Handling waiting and fuzzy strings

Reason of this post

A lot of people are interested in how to handle large amounts of waiting and fuzzy stringsString A string is a translatable part of the software. A translation consists of a multitude of localized strings..
I have been working on 130.000+ waiting and fuzzy strings for nl_NL (Dutch, Netherlands), and developed a working method to keep it simple and fun to do. It took me over a year to process all the waiting and fuzzy strings and get the count to zero.


To be able to get consistency in handling the waiting and fuzzy strings, here are a couple of useful tips.

  • Create if not present a Glossary for the locale. e.g. https://translate.wordpress.org/locale/xx/default/glossary/
  • Have good knowledge of the language you are working on.
  • Reserve time slots per day to work on the lists.
  • Install the following addons to help you check the waiting and fuzzy strings.
  • Install a local spelling checker.
  • Know the handbook for WordPress translation.
  • Must have the role of PTEProject Translation Editor A Project Translation Editor (often referred to as PTE) is a person, who has access to validate strings on a specific project (for example BuddyPress, WooCommerce or Twenty Fourteen) for one specific locale. A project translation editor can approve strings that are added by translation contributors. Per project translation, editors are appointed by a general translation editor after a request by the project author or by the contributors themselves./GTEGeneral Translation Editor A General Translation Editor (often referred to as GTE) is a person, who has global access to validate strings on all projects for a specific locale. to approve/reject/fuzzy strings.

Statistic links

Replace “xx” with your localeLocale Locale = language version, often a combination of a language code and a region code, for instance es_MX denotes Spanish as it’s used in Mexico. A list of all locales supported by WordPress in https://make.wordpress.org/polyglots/teams/ code.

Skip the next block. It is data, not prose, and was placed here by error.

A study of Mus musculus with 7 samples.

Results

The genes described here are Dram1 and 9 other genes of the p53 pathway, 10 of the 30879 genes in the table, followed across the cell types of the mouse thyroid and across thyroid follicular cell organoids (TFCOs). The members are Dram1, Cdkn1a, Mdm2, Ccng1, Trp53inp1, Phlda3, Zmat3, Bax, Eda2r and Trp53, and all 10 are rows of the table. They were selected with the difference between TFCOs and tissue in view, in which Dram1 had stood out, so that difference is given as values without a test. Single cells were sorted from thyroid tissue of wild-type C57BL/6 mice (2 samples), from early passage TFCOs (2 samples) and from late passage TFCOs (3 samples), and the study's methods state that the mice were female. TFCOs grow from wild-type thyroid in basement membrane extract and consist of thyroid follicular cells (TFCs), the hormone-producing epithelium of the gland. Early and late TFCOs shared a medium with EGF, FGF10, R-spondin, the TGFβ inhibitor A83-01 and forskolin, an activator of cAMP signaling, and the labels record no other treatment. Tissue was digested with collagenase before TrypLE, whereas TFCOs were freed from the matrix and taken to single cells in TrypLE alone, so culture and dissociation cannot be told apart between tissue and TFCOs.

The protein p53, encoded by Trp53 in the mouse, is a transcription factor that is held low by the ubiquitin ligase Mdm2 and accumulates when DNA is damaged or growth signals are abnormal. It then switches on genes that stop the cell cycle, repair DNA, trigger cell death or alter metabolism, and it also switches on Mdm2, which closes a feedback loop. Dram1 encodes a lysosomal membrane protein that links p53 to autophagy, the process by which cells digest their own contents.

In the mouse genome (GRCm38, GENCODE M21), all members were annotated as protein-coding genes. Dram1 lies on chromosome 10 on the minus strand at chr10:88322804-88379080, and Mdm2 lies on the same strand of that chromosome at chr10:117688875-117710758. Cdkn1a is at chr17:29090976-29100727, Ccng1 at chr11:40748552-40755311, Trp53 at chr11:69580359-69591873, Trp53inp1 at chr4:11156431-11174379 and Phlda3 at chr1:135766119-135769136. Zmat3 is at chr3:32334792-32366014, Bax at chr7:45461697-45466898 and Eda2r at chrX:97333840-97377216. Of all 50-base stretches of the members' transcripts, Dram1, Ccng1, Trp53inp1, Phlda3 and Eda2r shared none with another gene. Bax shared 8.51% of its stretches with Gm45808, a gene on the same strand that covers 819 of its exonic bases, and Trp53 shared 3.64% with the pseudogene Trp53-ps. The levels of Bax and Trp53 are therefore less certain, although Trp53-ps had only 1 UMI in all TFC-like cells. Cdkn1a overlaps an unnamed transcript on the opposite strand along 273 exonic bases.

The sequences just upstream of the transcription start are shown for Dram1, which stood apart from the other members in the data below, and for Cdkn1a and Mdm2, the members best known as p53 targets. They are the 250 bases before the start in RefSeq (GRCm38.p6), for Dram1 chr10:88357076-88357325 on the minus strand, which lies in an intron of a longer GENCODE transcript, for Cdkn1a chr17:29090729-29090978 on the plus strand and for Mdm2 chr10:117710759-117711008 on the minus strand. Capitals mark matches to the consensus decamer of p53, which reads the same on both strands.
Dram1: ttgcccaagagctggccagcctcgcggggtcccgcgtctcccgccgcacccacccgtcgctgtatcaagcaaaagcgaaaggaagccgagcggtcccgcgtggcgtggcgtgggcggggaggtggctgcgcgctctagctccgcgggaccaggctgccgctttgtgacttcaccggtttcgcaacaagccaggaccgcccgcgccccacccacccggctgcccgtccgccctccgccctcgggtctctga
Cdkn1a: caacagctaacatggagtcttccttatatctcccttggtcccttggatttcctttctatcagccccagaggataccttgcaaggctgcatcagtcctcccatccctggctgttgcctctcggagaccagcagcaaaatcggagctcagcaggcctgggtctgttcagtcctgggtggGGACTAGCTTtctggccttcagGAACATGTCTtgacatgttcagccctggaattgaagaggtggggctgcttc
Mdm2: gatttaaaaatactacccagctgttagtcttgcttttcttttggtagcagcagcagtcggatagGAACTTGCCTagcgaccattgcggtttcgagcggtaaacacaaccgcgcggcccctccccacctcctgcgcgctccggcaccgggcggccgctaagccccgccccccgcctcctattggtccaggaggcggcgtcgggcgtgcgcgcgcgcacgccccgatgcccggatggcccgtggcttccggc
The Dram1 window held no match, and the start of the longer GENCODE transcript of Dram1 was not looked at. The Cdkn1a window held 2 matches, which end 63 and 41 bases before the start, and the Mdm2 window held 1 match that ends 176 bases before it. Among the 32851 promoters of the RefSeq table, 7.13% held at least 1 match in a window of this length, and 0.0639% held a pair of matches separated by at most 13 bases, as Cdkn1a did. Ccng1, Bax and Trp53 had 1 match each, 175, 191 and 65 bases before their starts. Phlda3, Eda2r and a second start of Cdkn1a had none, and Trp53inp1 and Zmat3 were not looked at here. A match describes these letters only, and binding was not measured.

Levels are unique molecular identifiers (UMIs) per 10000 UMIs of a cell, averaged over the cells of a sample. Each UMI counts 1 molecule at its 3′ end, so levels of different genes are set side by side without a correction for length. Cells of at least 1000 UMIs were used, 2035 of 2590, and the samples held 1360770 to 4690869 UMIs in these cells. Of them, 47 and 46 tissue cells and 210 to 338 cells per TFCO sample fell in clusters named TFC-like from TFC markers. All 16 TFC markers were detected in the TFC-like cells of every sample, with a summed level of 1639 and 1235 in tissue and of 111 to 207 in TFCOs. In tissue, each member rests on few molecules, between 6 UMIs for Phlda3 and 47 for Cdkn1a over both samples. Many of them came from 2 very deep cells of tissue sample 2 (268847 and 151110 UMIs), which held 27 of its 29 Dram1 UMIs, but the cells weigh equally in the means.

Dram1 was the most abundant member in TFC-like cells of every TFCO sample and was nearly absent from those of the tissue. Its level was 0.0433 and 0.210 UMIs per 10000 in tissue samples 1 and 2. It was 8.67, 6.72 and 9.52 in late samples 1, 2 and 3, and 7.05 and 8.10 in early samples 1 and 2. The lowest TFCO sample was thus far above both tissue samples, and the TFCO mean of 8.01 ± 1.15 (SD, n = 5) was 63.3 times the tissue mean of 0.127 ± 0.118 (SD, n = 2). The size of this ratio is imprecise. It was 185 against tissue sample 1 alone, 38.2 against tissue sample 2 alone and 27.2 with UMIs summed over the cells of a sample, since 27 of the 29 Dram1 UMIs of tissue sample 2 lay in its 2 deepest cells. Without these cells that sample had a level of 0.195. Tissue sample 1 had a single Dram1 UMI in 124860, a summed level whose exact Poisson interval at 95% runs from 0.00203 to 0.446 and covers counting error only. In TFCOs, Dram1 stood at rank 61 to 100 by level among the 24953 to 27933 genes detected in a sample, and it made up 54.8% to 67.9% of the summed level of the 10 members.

Use the links above to find all the waiting and fuzzy strings.
Start with the least first and work your way up.

Then some extra advice regarding handling the strings.
Look at the date added before you decide what to do with the stringString A string is a translatable part of the software. A translation consists of a multitude of localized strings..

  • If the string is very old and badly translated, just reject the string.
  • If the string is pretty new, and the translation is not that bad, improve it.
  • If the string is not 100% but acceptable, simply approve it if it is a very old string.
  • Start first with removing/improving the fuzzy records.
  • Then move on with the waiting.

If the top 400 lists are clean, you can use them to follow the most used projects.
After that, we started on the projects with the queries for plugins/themes I indicated.
Also, the advice is to not waste your time on very old strings, just remove them if they are bad.

Then finally, if you are at ground zero, I have the following advice for handling new suggestions.

  • If the translation meets the rules for your locale, then you can quickly approve them with bulk approve.
  • If the translation does not meet the rules for your locale, check the translator. If that is a new one, mark the suggestion as “fuzzy” and try to contact the translator.
  • If it concerns a translator that already has added more than one project, try to contact him/her before you put the translation to fuzzy, and indicate that there are rules to follow. Ask for improvement of the strings according to the rules.
  • If the translator does not respond, simply remove the fuzzy translations after two weeks.
  • Also important, finding people to work with (team building), so you do not have to do it on your own.
  • Give feedback, the process can be found here: handbook page
  • It’s important to try to clear the queue. It has the advantage that new suggestions are easily found, and you can share the feedback to contributors on short term. Furthermore, it is important to give quick support to keep the translators enthusiastic, and at the end it will save time. If they are willing to listen to your “positive” feedback, then they will improve the translation more quickly.